Obama has nominated Alan Krueger, a labor economist at Princeton, to chair the White House Council of Economic Advisers, filling the position most recently held by the economist Austan Goolsbee.

(This post has been updated to include comments by the president and additional material.)

Speaking from the White House Rose Garden Monday, Obama called Krueger "one of the nation's leading economists" and praised his "invaluable" work in the aftermath of the financial crisis, when Krueger served as both the Treasury's chief economist and its assistant secretary for economic policy.

Krueger's nomination to the CEA comes at the end of a summer of sluggish growth, high prices for consumers, swollen unemployment rates and weakened sentiments among Americans who see no immediate prospect of an economic turnaround. A series of underwhelming economic-performance reports have led a growing number of economists to conclude that the country still faces many months of anemic growth and high joblessness.

Shortly after the resolution of the debt-ceiling showdown in August, Obama pledged a renewed White House effort to improve the economy. The president is said to be putting together a major address on jobs to be delivered some time after Labor Day, for which he has already consulted with Warren Buffett, CEO of Berkshire Hathaway, and Alan Mulally, CEO of Ford.

Krueger is currently a professor of economics and public affairs at Princeton. His Treasury position, which he held in 2009 and 2010, required him to go through a Senate confirmation process, meaning that his confirmation this time around may be able to occur relatively quickly.

While at the Treasury, Krueger worked under Obama during a number of previous job-creation initiatives, including a hiring tax credit for small businesses in early 2010. He also helped to create a program known as Build America Bonds, which ran from 2009 to 2010 and made it easier for states and cities to borrow and invest money. The program, which Krueger has written about for The Huffington Post, was regarded as one of the more successful stimulus efforts of the Obama administration.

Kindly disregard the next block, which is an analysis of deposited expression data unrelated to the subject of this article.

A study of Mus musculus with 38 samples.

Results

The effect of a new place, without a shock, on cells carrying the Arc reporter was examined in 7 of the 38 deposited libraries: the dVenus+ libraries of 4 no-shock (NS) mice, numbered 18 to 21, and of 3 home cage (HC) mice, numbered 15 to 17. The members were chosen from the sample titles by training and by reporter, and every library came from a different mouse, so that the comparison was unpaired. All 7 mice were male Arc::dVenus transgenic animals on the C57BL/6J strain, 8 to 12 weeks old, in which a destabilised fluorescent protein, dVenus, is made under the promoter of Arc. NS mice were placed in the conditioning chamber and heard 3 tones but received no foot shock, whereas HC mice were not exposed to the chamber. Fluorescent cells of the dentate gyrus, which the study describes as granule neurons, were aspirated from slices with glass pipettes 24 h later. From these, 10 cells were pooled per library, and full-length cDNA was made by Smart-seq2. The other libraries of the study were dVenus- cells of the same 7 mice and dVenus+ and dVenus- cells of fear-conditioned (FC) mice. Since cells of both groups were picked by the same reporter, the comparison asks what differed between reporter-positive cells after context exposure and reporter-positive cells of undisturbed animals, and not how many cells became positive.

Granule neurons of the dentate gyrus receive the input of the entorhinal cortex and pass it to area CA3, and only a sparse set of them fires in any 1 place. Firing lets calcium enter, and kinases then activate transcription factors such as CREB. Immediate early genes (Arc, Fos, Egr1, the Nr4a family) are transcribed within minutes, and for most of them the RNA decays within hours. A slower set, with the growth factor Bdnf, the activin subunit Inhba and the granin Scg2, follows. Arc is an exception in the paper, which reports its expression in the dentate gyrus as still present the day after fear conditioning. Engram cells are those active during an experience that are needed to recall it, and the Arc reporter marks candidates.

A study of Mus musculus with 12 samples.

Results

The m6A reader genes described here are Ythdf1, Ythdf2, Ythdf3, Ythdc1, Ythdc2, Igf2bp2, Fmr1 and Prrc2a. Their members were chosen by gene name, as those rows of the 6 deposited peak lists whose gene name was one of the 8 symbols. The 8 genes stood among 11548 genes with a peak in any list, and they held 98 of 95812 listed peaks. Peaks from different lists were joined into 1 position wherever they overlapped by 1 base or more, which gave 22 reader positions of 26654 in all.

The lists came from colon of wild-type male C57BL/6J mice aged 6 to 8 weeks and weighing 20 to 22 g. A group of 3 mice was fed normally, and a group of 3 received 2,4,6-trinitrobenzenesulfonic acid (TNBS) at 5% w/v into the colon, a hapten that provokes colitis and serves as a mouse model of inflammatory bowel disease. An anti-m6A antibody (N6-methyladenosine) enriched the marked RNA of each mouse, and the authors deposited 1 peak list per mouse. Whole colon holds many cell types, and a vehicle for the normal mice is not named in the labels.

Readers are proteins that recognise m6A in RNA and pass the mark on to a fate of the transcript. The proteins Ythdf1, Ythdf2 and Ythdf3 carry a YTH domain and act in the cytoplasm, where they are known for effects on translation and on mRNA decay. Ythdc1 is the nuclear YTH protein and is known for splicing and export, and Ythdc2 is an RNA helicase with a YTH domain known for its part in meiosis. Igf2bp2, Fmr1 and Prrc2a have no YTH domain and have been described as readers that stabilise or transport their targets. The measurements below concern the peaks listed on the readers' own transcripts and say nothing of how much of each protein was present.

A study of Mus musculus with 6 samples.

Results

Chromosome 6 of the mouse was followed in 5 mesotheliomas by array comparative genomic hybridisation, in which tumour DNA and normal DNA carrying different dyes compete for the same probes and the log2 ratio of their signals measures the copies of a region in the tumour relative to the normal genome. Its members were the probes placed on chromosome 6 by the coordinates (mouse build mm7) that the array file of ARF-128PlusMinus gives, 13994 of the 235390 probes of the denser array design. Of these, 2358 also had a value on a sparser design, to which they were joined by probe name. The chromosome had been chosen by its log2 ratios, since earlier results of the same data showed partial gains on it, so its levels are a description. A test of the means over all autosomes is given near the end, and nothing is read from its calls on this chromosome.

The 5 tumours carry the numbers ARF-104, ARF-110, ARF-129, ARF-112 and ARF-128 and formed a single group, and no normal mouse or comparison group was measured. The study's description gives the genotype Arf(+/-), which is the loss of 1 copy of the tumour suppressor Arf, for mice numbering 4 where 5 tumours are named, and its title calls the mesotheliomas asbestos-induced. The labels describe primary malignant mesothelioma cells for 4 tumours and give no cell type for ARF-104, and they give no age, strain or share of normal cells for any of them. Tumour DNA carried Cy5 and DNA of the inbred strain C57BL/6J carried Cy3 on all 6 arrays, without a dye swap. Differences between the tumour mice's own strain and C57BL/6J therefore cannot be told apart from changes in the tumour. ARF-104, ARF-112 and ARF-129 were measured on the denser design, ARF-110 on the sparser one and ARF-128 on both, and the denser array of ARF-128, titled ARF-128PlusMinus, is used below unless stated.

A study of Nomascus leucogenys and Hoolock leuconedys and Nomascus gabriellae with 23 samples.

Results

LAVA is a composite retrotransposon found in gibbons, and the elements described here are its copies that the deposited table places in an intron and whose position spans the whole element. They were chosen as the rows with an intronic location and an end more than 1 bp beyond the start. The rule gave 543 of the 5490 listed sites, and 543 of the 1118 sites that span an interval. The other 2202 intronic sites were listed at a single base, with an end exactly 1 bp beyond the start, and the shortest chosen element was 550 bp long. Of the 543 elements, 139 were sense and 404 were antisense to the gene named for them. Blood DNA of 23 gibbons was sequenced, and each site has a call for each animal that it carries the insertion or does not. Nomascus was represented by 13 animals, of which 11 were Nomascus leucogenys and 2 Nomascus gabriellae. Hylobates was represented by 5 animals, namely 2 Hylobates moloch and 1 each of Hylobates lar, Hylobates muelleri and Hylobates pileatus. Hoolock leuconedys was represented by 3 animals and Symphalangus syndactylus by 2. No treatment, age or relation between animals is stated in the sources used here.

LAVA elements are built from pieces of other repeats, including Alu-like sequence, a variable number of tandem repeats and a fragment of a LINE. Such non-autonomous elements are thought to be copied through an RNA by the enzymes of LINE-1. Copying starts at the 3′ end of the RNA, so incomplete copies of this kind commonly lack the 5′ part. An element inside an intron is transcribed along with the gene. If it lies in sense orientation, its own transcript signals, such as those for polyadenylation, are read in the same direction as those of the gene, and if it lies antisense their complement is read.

Krueger's academic work has focused on wages and the labor market, as well as the macroeconomic effects of education policy. He has written or overseen studies about a variety of other subjects as well, including the environment, the emotional peaks and valleys of a typical workday, and the economic factors that weigh on concert revenues for popular musicians, in a paper that quotes Jack Black's character from School of Rock.

In one influential 1995 study, Krueger and the labor economist David Card refuted a commonly held belief that increases in the minimum wage lead to fewer jobs for low-paid workers. Their research showed instead that in multiple real-life scenarios, raising the minimum wage resulted in no significant job loss.

In another widely cited work, the 2007 book What Makes a Terrorist, Krueger argued that poverty and lack of education play a relatively small role in the emergence of terrorism in a given society. Rather, he said, it's the absence or suppression of civil liberties that seems to reliably produce the most terrorists.